Money can’t buy happiness, right? Or can it?

In the words of country star Chris Janson, “I know everybody says money can’t buy happiness. But it could buy me a boat. It could buy me a truck to pull it. It could buy me a Yeti 110 iced down with some silver bullets.” This summer, we’re going to spend a little time exploring the topic of money, specifically what exactly it can and can’t buy.

Of course like Chris says, it’s common knowledge that money can buy plenty of things, and the conventional wisdom is that money can’t buy happiness. But it might not be that simple.

Whether it’s a boat, a sports car, an exotic trip, or simply a pool in your backyard, this is the time of year when many of you are enjoying the fruits of your labor, and being reminded of what money can buy as you enjoy this beautiful summer. Personally, I’ve had the privilege of spending money on cold air via repairs to my conditioning unit! (And please don’t spend your dough on any of these silly money-wasters!)

All foolhardiness aside, there are plenty of temporary things we can spend our money on – possessions. At the end of the day, we all work hard in our professions. Even my three-year-old, Michael, realizes this – every evening when I get home he says, “Were you at the office making money Daddy?”

I don’t know how you grew up, but I grew up in a family where my father taught me that if you wanted something, you worked hard and earned it. I was never told I needed to work less for something, nor was I ever told I would get any handouts in life. Most importantly, I was never told I couldn’t have something – I simply needed to work harder for that particular thing. And yes, I did get my $120 Air Jordans back in the ’80s! My next new pair of sneakers were Converse though – those Jordans were expensive, and it was my money after all. 

A couple of recent studies on money have actually indicated that money can bring increased happiness. However, it’s not simply a matter of more money meaning happier people. One study from a couple of years ago found that up to the point of covering basic life needs, money did make people happier. But beyond that point, money had little correlation with happiness. A study released in April found that money can buy happiness – provided that person is spending money in line with his or her values and personality type. Experiences over material possessions also tend to make people happier.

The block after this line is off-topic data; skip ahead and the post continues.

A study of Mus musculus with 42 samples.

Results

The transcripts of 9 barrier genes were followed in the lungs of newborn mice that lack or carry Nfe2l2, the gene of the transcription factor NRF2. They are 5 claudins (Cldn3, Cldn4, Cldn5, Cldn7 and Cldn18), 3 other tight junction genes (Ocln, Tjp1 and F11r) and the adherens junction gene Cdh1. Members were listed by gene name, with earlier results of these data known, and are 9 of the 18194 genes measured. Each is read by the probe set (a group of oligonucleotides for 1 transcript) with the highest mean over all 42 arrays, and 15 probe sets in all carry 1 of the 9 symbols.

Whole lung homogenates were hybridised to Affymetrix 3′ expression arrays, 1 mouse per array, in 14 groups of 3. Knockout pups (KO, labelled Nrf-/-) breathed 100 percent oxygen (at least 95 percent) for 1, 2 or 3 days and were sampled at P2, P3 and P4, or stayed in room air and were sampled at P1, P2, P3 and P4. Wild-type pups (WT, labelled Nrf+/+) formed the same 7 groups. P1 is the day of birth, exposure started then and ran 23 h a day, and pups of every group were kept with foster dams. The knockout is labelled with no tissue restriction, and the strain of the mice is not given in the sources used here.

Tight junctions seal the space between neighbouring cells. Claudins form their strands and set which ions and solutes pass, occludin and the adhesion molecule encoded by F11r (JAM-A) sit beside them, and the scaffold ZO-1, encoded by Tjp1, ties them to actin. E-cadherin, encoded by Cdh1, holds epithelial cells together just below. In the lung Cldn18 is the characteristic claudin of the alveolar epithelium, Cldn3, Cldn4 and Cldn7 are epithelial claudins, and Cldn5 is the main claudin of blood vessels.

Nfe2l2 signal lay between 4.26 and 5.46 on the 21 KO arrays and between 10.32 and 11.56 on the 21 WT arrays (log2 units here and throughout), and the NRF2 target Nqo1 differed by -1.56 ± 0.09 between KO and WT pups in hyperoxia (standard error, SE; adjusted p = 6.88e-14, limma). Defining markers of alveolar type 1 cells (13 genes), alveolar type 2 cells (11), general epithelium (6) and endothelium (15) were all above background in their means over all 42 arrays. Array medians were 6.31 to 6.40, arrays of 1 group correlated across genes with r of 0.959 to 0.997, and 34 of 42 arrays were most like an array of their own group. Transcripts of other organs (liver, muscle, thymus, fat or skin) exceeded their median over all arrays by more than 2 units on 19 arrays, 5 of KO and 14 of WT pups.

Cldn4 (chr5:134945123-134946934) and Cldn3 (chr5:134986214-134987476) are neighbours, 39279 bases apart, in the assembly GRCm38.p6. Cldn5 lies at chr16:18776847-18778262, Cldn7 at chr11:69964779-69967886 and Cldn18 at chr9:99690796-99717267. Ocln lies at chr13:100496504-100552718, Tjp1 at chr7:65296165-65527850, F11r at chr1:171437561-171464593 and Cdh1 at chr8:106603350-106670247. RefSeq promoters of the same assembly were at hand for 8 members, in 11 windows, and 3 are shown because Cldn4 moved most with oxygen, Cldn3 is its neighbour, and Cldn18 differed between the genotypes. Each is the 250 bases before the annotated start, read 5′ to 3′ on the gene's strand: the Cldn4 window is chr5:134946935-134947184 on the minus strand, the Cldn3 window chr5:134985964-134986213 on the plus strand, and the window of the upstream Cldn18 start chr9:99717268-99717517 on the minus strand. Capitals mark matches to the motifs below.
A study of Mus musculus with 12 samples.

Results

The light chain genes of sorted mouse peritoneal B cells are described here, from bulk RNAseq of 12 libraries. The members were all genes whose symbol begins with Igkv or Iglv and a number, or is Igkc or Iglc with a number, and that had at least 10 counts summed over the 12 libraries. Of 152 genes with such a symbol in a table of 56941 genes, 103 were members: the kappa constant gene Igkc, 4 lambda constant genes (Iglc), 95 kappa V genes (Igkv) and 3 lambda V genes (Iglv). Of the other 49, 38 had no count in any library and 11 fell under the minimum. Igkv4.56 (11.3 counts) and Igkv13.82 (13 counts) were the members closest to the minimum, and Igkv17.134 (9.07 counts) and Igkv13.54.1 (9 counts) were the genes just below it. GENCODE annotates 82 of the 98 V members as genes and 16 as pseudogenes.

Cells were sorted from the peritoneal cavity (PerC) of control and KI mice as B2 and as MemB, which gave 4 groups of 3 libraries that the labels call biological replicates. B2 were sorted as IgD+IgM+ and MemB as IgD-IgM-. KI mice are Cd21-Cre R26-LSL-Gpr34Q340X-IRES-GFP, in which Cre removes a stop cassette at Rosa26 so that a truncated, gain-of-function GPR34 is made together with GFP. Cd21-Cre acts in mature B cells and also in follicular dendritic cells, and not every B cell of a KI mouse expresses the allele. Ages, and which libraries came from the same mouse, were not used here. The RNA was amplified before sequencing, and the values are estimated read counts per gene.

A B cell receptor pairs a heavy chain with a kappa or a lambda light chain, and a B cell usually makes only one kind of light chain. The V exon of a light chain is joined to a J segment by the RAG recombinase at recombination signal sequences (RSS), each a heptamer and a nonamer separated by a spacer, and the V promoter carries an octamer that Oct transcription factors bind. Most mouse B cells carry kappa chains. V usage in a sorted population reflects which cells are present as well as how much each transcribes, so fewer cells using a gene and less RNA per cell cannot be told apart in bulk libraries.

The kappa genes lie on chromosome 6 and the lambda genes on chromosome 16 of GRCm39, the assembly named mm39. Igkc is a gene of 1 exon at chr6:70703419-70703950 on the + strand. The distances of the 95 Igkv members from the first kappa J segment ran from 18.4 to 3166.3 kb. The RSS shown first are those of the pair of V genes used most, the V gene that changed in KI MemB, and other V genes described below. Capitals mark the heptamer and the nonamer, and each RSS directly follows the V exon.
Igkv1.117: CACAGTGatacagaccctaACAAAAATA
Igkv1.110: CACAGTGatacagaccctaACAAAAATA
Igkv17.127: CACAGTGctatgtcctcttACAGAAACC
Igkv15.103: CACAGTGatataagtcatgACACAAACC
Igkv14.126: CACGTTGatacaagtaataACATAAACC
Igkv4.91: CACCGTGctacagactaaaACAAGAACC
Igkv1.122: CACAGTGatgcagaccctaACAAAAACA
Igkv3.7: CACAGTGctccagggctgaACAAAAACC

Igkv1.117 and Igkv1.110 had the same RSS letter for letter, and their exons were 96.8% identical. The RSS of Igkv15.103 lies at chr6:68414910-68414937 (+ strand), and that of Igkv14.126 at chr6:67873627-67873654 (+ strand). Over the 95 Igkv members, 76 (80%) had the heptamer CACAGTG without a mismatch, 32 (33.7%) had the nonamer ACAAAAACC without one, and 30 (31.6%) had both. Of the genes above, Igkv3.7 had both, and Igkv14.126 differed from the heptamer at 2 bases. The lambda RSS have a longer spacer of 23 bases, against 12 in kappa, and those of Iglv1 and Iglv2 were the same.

Keeping up with all that stuff people buy after their basic needs are met often ends up just creating more stress. The boat breaks, the muffler falls off that sports car, the second home has a leaky roof, the Lear Jet doesn’t pass inspection and the housekeeper steals from you. For some of you reading this, those are everyday things, and others of you are wishing you had those problems. But for each of us, there is a tipping point where money in and of itself will not and cannot buy more happiness.

The study cited $50,000 to $75,000 as the tipping point range, but I don’t believe those numbers necessarily apply to you. You are already an above average American family simply because you’re working with us (or reading this newsletter)! But, as you’re enjoying your summer fun, taking that vacation with or without the kids, or as you’re considering a major purchase like a boat, please don’t spend on impulse. Really take the time to think about the maintenance and upkeep you’re also buying, and consider whether it might be better to rent or lease for a year. Also consider any other expenditures that might benefit you and your family more than this particular item.

My message isn’t that you can’t have the things you want. It’s fine to have stuff – honestly if I didn’t like stuff, I’d be a hobo on the street hoping someone would help me out from time to time. But when it comes to stuff, perspective is important. All too often, when we get exactly what we think we want, we realize that what we lusted after wasn’t what we wanted at all.

To boil it down, when it comes to your money, you’re either going to spend it, save it, or give it away. Make sure your hard-earned money is going to the things you hold true and dear. If we can help you along this road of self-discovery, let us know. And if you do have a boat, I’d love to be your friend for the summer!